What is Spondylolisthesis?
The quick answer is that Spondylolisthesis is a condition in which there is forward slipping of one of the vertebrae (the bones that make up the spine) on to the other. This typically occurs in the lower back and can be increasingly painful if the bone slips so much to pinch on a nerve. It is the most common cause of back pain in teens.
Watch this video on where lower back pain begins.
How does it occur?
There are Three Main Types of Spondylolisthesis:
- Congenital Spondylolisthesis: the result of abnormal bone formation that occurs at birth. In these cases, the spine is more susceptible to slippage due to the abnormal formation at birth.
- Isthmic Spondylolisthesis: This is due to present spondylosis, which is a condition that results in small stress fractures in the bone. The stress fractures weaken the bone to cause the forward slippage of the vertebrae.
- Degenerative Spondylolisthesis: This is due to increasing age. The disks between the vertebras become less spongy, with age, and are less able to resist the sheer forces in the spine, resulting in increased slipping forward on the vertebrae.
Other types of spondylolisthesis occur due to trauma, a disease or condition causing weakening of the bones or post-surgical complications.
Image of Spondylolisthesis
What are the symptoms?
Many people in the population with a spondylolisthesis don’t even know they have one. They experience no complaints of pain. If they do have symptoms, the main complaint is low back pain across the lower spine. They will sometimes characterize it as a muscle strain type of pain.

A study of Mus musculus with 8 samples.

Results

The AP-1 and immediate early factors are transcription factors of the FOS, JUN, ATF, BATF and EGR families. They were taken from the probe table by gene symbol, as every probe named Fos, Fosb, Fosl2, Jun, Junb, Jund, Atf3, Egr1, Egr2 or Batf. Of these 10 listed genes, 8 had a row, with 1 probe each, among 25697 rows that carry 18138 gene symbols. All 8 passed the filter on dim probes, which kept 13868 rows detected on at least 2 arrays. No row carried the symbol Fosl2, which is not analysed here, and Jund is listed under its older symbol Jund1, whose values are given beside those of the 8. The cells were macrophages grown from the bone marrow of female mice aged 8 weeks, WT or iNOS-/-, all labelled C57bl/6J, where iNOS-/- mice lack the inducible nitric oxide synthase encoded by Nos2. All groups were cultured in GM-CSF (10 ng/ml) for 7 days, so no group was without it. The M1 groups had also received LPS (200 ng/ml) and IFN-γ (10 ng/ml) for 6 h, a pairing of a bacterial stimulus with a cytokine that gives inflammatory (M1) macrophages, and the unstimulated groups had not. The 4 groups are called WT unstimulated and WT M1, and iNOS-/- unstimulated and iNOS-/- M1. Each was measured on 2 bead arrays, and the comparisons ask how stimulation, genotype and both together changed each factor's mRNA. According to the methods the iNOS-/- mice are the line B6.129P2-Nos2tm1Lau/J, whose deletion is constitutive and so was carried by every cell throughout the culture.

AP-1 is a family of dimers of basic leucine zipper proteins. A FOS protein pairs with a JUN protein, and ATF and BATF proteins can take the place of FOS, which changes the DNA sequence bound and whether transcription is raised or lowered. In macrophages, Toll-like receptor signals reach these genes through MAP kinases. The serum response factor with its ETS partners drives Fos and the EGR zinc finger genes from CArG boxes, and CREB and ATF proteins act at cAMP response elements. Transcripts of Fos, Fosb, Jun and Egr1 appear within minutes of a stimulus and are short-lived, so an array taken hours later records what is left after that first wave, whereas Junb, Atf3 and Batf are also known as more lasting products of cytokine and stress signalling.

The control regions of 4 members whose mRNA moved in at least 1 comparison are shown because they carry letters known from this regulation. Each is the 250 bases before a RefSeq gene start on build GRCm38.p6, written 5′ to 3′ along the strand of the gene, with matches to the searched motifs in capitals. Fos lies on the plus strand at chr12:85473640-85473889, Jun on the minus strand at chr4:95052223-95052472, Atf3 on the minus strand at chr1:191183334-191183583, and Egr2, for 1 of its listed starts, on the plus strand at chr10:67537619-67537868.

Other symptoms may include hamstring muscle cramping, stiffness, pain in the buttocks, and changes in posture.
Treatment of Spondylolisthesis
Treatment depends on the severity of the slippage, severity of symptoms and age of the patient.
- Rest: take time away from activities which usually bother the lower back. Don’t go to complete bed rest, but gentle, light walking and limitations in normal activity is a sufficient amount of rest.
- Take a break: take a break from sports and other activities that bother the spine.
- NSAID’s: consult your physician about your ability to take over the counter anti-inflammatories to help the pain. At times, epidural steroid medications are used to help with inflammation and pain.
- A brace or back support: A brace or back support may be used to help reduce the pain and symptoms. If one of these is used, it should be used in conjunction with physical therapy to decrease the continued weakening of the muscles.
- Physical therapy: Physical therapy is focused on strengthening the abdominal and core muscles to protect the spine. A regimen of 8-12 weeks of continuous core stabilization activities are important to assist in decreasing pain and improving return to daily life. Stretching, flexibility and postural education are also integral parts of treatment.
- Surgery: May be warranted if the vertebra continue to slip or the pain does not improve.
What is the probability the pain will return?
By keeping your back and abdominal muscles strong, it will decrease the risk of re-occurrence by supporting and stabilizing your back. Modifying your activity level by choosing activities that reduce the amount of stress on the spine, will help prolong your spine health. Maintaining proper weight and a healthy diet will also decrease the amount of stress on the spine.
By: Ehren Allen, PT/Certified Manual Therapist
To make an appointment with an Orthopaedic Spine Specialist, please call JOI-2000, schedule online or click below.